Like I Was Saying

Campaign Monotony

Like many of today’s debates, the rift between Trump and Tester is more nuanced than the sound bites on the airwaves

The president landed in Montana last week for the third time since taking office, again making good on his promise to target Democratic Sen. Jon Tester for opposing Trump’s nominee to lead the Department of Veterans Affairs.

Like many of today’s debates, the rift between Trump and Tester is more nuanced than the sound bites on the airwaves. Yes, Tester did oppose the nominee who had served as White House physician under three presidents. Also yes, Republican and Democratic lawmakers on the Senate Veterans’ Affairs Committee raised concerns about Rear Adm. Ronny Jackson almost as soon as his nomination was announced. After allegations against him were made public, including alleged “abusive” behavior toward staff and improperly handling pain medication, Jackson withdrew his name from consideration.

The details of that argument, however, are bound to get lost in a U.S. Senate campaign on pace to be the most expensive in the state’s history. Our televisions are so saturated and mailboxes so stuffed with campaign literature it’s fair to wonder if we’ve become numb to most of them.

The former costliest campaign in Montana also involved Tester, when longtime Republican U.S. Rep. Denny Rehberg challenged him in 2012. About $47 million was spent on that race and the incumbent senator narrowly won 49-45. The margin of victory was far less than the votes garnered by Libertarian candidate Dan Cox.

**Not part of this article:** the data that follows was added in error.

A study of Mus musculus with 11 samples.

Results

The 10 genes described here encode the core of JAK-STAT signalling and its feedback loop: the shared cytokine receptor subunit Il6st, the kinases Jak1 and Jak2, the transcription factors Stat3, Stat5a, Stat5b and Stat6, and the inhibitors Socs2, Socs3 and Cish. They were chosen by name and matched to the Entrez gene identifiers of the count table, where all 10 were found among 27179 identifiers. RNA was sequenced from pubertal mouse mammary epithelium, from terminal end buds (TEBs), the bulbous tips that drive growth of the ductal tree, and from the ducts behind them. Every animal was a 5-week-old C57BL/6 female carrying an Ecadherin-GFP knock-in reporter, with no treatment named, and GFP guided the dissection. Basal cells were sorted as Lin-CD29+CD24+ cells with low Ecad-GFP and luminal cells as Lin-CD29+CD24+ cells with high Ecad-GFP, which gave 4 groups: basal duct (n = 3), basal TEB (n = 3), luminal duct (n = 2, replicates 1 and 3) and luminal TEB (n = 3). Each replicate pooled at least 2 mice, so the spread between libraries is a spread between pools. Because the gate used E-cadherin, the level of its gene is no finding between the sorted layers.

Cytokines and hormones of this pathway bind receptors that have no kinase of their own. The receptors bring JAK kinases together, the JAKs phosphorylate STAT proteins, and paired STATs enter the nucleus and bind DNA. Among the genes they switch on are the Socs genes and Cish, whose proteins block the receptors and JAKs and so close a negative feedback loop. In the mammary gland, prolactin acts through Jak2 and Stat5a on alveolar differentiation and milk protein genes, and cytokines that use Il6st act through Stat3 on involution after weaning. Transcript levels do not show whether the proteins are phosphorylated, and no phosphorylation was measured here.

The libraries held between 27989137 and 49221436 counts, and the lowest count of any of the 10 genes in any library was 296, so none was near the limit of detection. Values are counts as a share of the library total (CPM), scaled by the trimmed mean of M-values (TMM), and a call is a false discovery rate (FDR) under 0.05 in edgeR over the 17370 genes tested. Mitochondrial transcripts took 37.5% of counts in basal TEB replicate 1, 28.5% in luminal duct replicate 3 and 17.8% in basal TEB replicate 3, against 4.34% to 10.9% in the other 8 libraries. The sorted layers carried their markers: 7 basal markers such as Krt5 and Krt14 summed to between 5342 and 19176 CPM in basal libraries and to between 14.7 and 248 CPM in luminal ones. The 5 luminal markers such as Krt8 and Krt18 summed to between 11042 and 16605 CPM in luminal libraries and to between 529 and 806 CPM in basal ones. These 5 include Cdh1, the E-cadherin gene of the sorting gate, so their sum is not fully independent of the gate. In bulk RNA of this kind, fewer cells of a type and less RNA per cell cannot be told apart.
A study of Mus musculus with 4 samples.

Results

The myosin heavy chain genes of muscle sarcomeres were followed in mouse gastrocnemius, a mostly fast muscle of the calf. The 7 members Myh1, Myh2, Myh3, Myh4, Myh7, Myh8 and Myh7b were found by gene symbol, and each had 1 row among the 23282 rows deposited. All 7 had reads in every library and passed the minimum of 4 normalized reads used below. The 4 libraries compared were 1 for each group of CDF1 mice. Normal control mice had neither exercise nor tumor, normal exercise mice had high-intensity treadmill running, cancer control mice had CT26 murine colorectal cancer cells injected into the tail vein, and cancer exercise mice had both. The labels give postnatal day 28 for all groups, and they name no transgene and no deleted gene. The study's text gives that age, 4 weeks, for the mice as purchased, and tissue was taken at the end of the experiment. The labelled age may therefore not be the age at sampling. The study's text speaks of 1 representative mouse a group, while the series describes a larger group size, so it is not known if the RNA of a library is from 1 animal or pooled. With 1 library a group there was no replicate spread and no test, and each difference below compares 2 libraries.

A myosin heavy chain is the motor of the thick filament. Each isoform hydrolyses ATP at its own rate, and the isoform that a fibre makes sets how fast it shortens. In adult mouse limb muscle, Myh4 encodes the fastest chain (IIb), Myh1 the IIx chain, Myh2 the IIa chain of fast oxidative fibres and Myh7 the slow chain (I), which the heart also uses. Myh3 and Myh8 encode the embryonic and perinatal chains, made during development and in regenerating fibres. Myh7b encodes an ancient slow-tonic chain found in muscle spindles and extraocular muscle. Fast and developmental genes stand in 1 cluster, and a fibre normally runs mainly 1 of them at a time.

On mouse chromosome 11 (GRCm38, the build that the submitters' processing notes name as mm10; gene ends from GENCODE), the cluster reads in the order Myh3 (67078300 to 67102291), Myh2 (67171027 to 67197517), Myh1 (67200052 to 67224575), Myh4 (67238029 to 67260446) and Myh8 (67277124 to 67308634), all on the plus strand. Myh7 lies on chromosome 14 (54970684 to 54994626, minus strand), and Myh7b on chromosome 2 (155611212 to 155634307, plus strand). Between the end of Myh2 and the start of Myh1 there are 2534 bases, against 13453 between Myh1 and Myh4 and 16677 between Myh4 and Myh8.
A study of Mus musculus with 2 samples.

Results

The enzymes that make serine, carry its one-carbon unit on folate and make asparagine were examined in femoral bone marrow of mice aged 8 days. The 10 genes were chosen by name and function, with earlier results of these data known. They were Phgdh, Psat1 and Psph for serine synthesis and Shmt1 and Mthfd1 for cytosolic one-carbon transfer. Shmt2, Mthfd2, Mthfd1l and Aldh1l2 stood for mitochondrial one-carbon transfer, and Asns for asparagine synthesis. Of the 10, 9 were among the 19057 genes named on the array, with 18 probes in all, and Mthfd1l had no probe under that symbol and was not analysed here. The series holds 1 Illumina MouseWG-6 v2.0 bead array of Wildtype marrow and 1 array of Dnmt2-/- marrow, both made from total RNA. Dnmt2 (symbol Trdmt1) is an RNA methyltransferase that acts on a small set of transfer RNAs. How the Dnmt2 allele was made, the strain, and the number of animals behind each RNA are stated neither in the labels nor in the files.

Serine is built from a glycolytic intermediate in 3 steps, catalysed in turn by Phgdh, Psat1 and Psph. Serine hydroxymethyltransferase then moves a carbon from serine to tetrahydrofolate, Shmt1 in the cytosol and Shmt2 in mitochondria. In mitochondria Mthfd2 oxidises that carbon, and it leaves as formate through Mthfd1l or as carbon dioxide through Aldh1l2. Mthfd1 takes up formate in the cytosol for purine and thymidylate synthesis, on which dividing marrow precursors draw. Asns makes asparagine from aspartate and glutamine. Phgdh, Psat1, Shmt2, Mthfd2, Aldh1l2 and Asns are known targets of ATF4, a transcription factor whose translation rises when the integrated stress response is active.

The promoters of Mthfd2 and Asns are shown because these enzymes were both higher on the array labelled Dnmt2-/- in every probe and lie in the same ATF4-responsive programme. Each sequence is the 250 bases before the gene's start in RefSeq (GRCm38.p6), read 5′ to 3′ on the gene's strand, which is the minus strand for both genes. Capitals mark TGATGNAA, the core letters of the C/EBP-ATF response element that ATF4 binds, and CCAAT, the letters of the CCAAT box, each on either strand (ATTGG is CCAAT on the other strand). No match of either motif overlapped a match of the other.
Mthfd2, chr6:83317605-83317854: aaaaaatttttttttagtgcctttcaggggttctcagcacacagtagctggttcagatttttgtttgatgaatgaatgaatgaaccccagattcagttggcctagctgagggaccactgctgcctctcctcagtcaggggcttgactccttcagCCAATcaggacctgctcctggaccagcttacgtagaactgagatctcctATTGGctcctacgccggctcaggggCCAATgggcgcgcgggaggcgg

After that election, I told myself no campaign could possibly be bigger. But, in hindsight, I was suffering amnesia. Just four years prior, in 2008, the bitter slog to determine who would be the Democratic nominee for president reached Montana, which was one of the last states to vote in that primary. While Barack Obama had inched ahead in delegates, Hillary Clinton refused to concede and the country turned its attention our way.

Bill Clinton stumped out of the back of a pickup at Flathead Valley Community College. Michelle Obama spoke to a crowd at the KM Building in downtown Kalispell. Obama held a rally in Missoula. Hilary Clinton visited Butte. At the time, the Beacon was barely a year old with a tiny staff publishing tiny newspapers. It didn’t matter. Both candidates agreed to interviews with our former senior writer Dan Testa.

It was a whirlwind campaign that saw Obama handily win with 57 percent of the vote on his way to securing the nomination and the presidency. It was also just the beginning of what has been a wild decade of politics and politicking in the Treasure State, which continues to find itself hosting high-profile contests and high-profile names.

Enter Trump. His visit to Missoula last week ties him for the most by a sitting president. He previously held rallies in Great Falls and Billings. Vice President Mike Pence has also stumped for Republican U.S. Senate nominee and State Auditor Matt Rosendale. Donald Trump Jr., is planning on returning with his girlfriend, former Fox News personality Kimberly Guilfoyle, this week.

Visits by the president and his surrogates, including Whitefish native and Interior Secretary Ryan Zinke, are so frequent that I assume this is what it feels like living in Iowa or New Hampshire before a presidential election year. The money, rallies and advertisements are so numerous as to be monotonous.

Trust me, a Montana election will never be bigger than this one. Right?